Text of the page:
By Anna Lee
In her own way, Joy was mourning.
Zoo staffers watched with heavy hearts as the 43-year-old African elephant piled all of her toys to the side of the exhibit and stood next to them in the rain.
“It was the saddest sight,” said Greenville Zoo director Jeff Bullock.
Joy is missing Ladybird, a female elephant that died last week after keepers found her lying down in the barn. Unable to stand, weak and aging, Ladybird was euthanized.
The zoo is now searching for a suitable home to send Joy so she can be with other elephants, but picking the right one isn’t easy, Bullock said.
Current Association of Zoos and Aquariums standards require at least two elephants, he said. The requirement will go up to three elephants in 2016, which is why Greenville had already planned on phasing out its exhibit.
Ideally, Joy would go to a place that’s warmer, where there’s daily enrichment and handlers who can accommodate her special needs.
Bullock said Joy, who came to the zoo in 1977, suffers from an old injury she got from a circus elephant in the 1990s. The elephant, Brittany, repeatedly attacked Joy, leaving her with a sore leg that flares up with pain when it’s cold.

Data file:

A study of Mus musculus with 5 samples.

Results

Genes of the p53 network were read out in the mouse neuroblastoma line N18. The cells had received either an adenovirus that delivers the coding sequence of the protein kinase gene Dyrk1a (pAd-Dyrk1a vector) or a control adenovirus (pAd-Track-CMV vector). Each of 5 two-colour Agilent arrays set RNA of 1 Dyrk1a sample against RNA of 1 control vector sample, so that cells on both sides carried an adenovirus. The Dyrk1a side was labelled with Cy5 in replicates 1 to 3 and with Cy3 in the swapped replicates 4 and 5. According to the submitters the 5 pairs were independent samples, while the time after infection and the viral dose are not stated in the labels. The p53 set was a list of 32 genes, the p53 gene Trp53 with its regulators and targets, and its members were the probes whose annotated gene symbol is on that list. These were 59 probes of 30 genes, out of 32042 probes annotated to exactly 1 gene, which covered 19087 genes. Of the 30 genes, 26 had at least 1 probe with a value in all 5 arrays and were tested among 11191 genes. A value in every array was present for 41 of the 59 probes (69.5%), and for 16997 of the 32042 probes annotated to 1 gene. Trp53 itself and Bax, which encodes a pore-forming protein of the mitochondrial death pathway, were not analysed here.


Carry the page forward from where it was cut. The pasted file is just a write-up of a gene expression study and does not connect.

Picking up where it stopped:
“For her sake, we’d rather have her somewhere where she doesn’t have to deal with that,” Bullock said.
Zoo elephants elsewhere are aging, too, some of them sent to sanctuaries like the one in Hohenwald, Tenn. Other zoos are also looking for elephants, and Joy, soon to be 44, may be too much for those facilities to take on.
“It’s really a matter of seeing what’s available, where our actual choices are and moving forward from there,” Bullock said. No timeline has been set.
Condolences came from around the world when zoo officials announced Ladybird’s death. The Philadelphia Zoo sent flowers; visitors left orchids and daisies.
In the days after, zookeepers have worked hard to get Joy, who they call Joni, back into a routine. They spend extra time with her and have filled the paddock with sand for her to play in.
Joy has already outlived two companions, one of them an elephant at Riverbanks Zoo where she lived while her exhibit was being renovated.
The arrival of Ladybird in 2006 gave the zoo hope.
“Joy had been so acclimated to being with people for so many years, it took her awhile to realize that she was an elephant,” Bullock said. “Ladybird helped her develop those skills and become an elephant.”